Post-it Sunday 9/18/22- When the lift is just that good

The gown card reads ‘when the patient lift is so good it sets off the bed alarm’.

This actually happened last week and made me laugh.

This happened when I was being the second PACU nurse which I do as part of my new job role. If there isn’t another case, I stay in recovery with the patient and the primary PACU nurse, just in case there is a problem. Safety in numbers.

The patient had woken up and was in the PACU. Since they were being admitted to the hospital overnight, we placed them on a hospital bed after surgery, not a gurney. They had woken up a bit antsy and had squirmed their way down the bed.

As a result, their oxygen saturation wasn’t ideal. And they were uncomfortable. This is because they were so far down the bed that instead of bending at the waist when the head of the bed was raised, they were bending in the middle of their chest. This is uncomfortable. And some people even wiggle down further so that the bend is at their shoulders and neck. It isn’t ideal.

Well, this patient was bending uncomfortably in the middle of their chest. This does not allow for optimal lung expansion, and their oxygen saturation becomes compromised. Sometimes this can lead to air hunger, or the decreased oxygen saturation can affect their mentation. The best thing to do is to lift the patient bodily in bed so that they are no longer bending in the middle of their chest and their lungs have room to expand and contract and they can breathe better.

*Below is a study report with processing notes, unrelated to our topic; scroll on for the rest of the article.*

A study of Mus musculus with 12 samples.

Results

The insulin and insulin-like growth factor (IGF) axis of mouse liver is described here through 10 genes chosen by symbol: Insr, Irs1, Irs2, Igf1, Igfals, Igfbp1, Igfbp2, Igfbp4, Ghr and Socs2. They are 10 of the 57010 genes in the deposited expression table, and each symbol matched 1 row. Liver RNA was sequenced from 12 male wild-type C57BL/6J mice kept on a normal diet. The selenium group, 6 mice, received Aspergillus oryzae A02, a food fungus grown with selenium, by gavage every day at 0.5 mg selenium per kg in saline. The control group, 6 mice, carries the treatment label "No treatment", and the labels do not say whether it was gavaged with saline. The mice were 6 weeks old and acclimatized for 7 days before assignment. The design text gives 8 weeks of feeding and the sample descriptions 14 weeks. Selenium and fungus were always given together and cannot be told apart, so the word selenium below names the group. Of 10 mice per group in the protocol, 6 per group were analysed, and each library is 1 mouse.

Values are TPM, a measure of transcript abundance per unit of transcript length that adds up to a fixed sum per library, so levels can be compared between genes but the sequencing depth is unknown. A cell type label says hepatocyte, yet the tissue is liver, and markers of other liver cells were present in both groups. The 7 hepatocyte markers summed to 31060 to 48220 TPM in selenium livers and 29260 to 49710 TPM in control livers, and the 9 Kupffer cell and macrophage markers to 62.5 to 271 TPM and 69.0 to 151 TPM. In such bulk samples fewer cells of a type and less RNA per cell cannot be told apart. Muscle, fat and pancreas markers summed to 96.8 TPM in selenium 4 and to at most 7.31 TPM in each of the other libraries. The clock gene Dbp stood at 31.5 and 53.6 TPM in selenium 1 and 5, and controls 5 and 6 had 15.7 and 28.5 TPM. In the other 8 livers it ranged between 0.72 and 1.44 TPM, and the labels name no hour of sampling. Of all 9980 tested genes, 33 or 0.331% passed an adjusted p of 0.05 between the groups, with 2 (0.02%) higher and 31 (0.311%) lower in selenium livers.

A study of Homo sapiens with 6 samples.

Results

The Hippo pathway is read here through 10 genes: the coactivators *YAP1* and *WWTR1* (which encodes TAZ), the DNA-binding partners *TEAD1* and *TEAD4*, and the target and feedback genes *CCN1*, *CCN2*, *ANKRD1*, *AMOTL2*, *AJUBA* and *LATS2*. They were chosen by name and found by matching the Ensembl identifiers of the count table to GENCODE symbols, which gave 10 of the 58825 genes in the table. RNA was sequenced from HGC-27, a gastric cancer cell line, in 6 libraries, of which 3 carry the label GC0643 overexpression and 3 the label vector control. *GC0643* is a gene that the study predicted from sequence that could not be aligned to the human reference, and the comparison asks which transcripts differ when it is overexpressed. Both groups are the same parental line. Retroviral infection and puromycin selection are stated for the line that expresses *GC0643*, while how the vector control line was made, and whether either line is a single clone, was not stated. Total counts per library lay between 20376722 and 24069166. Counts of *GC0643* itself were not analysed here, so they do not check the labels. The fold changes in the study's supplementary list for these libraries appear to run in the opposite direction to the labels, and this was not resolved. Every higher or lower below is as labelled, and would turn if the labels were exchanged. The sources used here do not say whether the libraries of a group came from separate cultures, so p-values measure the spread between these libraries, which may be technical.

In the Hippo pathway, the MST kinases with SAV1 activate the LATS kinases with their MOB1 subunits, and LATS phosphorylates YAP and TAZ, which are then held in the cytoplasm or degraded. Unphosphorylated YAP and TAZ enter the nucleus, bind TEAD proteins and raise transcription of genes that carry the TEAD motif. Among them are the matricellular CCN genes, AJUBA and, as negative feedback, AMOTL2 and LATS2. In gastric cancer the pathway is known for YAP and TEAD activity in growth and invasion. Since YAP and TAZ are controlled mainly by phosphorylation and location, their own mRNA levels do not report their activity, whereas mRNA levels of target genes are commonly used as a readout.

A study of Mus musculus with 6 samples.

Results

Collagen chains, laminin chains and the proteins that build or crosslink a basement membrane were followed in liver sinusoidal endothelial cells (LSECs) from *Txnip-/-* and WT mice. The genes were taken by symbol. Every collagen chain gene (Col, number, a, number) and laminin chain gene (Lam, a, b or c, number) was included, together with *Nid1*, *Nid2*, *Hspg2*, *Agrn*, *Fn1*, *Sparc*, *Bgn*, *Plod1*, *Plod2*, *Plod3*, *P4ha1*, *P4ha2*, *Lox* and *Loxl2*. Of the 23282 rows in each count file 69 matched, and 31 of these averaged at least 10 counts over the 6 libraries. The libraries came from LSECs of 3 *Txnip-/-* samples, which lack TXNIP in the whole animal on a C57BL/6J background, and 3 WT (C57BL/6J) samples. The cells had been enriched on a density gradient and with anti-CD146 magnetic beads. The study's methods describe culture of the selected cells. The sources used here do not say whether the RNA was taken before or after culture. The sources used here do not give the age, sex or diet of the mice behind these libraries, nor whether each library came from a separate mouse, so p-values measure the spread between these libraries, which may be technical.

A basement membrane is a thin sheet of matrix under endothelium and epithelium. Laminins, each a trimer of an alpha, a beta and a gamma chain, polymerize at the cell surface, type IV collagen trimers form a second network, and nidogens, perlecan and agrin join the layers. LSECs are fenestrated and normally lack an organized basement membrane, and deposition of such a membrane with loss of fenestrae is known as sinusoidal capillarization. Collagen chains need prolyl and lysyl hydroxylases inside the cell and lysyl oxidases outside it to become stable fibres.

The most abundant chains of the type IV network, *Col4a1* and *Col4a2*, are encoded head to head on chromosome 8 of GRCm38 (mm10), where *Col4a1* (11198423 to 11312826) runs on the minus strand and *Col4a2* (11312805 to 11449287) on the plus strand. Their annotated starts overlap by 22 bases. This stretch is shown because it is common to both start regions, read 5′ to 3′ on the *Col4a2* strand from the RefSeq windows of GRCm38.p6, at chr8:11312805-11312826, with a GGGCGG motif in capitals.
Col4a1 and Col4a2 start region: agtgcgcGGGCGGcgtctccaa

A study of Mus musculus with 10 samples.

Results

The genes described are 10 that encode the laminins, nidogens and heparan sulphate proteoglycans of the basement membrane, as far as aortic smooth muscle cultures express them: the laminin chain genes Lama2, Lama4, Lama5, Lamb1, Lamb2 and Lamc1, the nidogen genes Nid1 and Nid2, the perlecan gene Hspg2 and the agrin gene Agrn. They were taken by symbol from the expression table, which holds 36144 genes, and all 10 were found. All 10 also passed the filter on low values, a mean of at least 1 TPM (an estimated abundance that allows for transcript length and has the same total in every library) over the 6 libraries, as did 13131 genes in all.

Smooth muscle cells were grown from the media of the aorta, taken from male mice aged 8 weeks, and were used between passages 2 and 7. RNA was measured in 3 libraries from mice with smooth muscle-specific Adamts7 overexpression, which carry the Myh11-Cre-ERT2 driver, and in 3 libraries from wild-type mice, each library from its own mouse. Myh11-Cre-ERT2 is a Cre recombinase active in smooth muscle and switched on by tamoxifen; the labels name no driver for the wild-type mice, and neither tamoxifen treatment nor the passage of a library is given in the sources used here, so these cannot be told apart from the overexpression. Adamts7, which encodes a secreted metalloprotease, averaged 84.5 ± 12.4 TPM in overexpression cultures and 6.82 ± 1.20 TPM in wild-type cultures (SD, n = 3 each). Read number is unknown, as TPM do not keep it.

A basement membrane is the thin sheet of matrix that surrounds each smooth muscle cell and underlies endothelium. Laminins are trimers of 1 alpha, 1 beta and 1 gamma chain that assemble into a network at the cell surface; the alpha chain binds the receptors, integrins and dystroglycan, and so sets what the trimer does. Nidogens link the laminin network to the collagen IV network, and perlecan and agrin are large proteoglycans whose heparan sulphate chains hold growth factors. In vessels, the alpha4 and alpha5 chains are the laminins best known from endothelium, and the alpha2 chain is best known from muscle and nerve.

This particular patient, while not small, had wiggled their way down and was in the situation. The real PACU nurse and I decided to lift them in bed leading to better gas exchange and a more comfortable patient. The head of the bed was lowered and the PACU nurse and I lowered the top head rails and grasped the sides of the lifting sheet. We reassured the patient that the head of their bed would not be down long and instructed them to bend up their knees and push on the count of three.




The PACU nurse and I tightened our grasp, lifted the patient slightly, and pulled toward the head of the bed. This is all one motion. The patient pushed up at the same time.

And the patient got pulled up to the head of the bed.

Up went the side rails. Up went the head of the bed. Up went the knees of the bed as a speed bump to help them not slide down again. Covers were pulled taut again. A successful lift.

We were so successful that the bed alarm went off, thinking that the patient was trying to get out of bed. Even the though the patient had not left the bed.

A bed alarm is necessary, and it alarms when there is a pressure change on the mattress. This is a safety feature that notifies the staff on the unit that the patient was getting out of bed. We don’t want patients to get out of bed without permission. This can lead to a patient falling.

The patient had not left the bed, but the alarm was still going off. This lift was that smooth.

I had to make a note on a gown card, knowing that I would make it a Sunday Post-it post. When things work in healthcare, it can be a thing of beauty.